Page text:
I believe that wearable computing devices will become popular in the future. For right now, I personally don't believe that wearable computing devices is well designed to be comfortable enough to be wearing around all day. Do you remember your first audio headset? I do, and it did not fit well on my head and the audio sound was not the best. But today, I have a wonderful headset that fits well on my head and the audio sound is beyond outstanding. My point is that over time wearable computing devices will improve and if there is a demand for it, you can expect it to do well in sales like mobile devices are doing today.
I believe part of the problem is in the efficiency of biomechanics (not only efficiency of piezoelectrics). The SF Exploratorium had a nice demo showing that very vigorous pedaling of a stationary bike could - sort of - light up a 60W bulb. In other words, maybe 10% efficiency (watts out/bioenergy in). I also know that the MIT Media Lab demonstrated the shoe-based generator many years ago, but people wearing them found them tiresome. And of course the high efficiency materials are expensive. Maybe a lot of incremental advances will overcome these hurdles.
Energy harvesting shoes fail to get traction...that's a headline! Now I just need to go research to see if there's a story behind it or not.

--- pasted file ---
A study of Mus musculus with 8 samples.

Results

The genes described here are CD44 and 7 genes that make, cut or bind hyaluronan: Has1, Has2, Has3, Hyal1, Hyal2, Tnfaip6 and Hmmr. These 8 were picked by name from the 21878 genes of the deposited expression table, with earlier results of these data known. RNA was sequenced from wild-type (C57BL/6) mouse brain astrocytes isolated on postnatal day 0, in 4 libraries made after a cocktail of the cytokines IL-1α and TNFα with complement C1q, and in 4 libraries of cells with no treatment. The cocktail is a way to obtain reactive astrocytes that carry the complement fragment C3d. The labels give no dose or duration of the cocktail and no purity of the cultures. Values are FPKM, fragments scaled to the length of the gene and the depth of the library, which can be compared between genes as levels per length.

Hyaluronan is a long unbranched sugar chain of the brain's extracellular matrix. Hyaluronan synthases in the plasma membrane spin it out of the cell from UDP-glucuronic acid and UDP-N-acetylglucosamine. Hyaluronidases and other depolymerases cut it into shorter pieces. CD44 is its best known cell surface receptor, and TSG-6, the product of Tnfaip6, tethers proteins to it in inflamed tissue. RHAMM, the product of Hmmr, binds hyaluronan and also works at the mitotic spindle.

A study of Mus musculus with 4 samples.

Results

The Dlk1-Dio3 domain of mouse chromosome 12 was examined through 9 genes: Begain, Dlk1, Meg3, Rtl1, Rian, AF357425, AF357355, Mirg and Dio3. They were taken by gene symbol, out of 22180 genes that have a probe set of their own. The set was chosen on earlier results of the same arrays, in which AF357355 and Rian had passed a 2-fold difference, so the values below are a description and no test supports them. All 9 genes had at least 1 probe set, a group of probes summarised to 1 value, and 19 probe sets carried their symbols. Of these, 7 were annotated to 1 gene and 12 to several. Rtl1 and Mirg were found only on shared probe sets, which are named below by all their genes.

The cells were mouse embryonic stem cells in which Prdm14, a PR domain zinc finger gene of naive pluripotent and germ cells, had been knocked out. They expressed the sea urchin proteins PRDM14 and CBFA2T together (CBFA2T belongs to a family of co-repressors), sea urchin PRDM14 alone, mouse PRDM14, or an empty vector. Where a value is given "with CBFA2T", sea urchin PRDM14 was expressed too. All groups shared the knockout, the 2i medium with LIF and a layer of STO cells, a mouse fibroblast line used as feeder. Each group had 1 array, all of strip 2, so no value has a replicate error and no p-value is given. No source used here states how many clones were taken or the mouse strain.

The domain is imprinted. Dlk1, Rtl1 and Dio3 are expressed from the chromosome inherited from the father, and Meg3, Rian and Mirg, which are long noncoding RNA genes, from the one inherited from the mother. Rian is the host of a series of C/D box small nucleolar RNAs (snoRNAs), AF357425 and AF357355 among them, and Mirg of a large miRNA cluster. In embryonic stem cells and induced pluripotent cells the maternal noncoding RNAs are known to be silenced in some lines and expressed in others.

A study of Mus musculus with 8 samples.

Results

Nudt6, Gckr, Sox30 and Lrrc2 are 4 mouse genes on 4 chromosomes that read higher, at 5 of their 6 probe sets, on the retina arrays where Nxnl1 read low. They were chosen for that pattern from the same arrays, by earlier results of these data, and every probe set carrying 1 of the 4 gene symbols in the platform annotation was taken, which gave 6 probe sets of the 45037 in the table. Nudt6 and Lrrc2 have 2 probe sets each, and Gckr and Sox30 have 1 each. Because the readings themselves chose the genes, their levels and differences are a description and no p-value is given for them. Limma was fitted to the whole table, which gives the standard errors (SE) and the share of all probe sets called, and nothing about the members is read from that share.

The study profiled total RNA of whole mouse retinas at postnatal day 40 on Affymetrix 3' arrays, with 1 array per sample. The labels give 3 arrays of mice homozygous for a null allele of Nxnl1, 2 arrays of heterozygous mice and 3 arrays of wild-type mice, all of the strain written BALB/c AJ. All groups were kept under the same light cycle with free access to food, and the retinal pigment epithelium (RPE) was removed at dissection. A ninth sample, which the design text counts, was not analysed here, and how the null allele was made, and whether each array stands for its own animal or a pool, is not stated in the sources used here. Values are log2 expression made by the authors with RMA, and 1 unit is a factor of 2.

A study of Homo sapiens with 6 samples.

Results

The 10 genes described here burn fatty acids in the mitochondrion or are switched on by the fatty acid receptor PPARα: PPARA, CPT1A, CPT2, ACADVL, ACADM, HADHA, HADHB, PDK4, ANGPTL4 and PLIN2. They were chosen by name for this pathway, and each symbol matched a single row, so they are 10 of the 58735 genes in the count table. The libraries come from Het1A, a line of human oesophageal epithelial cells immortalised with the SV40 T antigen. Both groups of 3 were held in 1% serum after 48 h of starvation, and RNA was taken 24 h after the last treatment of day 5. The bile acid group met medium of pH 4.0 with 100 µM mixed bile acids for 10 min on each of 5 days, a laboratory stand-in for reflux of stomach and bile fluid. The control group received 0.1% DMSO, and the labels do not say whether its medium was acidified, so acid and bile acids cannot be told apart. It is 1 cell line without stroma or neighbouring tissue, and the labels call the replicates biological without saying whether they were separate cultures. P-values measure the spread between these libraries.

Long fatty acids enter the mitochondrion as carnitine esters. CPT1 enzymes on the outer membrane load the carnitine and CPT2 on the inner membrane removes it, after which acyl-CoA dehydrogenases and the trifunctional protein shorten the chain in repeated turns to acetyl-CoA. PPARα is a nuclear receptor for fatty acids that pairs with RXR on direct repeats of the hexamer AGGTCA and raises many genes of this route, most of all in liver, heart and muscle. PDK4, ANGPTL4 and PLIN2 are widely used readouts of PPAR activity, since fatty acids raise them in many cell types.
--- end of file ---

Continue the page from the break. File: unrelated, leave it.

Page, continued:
If anyone has any contacts working in the area, let me know. I suspect if there's a problem it could be we don't have the capability of harvesting/using enough energy cost effectively yet...a worthy research topic.
We worked at Virtual Vision in the 90's on a wearable computer. It was a project with Honeywell and Boeing to capture the manual for an airframe on a belt worn computer. The goggles were way klunkier than Google Glass. The solution was clever but was "looking for a problem". I.e. we had lots of clever ideas how folk would use wearable computers but at the end of the day the market decided it was not ready. Some of the same dialog comes up with google glass. I think it's cool and have seen a couple in San Francisco, but think it'll take a "killer application" to really drive it.
Replay available now: A handful of emerging network technologies are competing to be the preferred wide-area connection for the Internet of Things. All claim lower costs and power use than cellular but none have wide deployment yet. Listen in as proponents of leading contenders make their case to be the metro or national IoT network of the future. Rick Merritt, EE Times Silicon Valley Bureau Chief, moderators this discussion. Join in and ask his guests questions.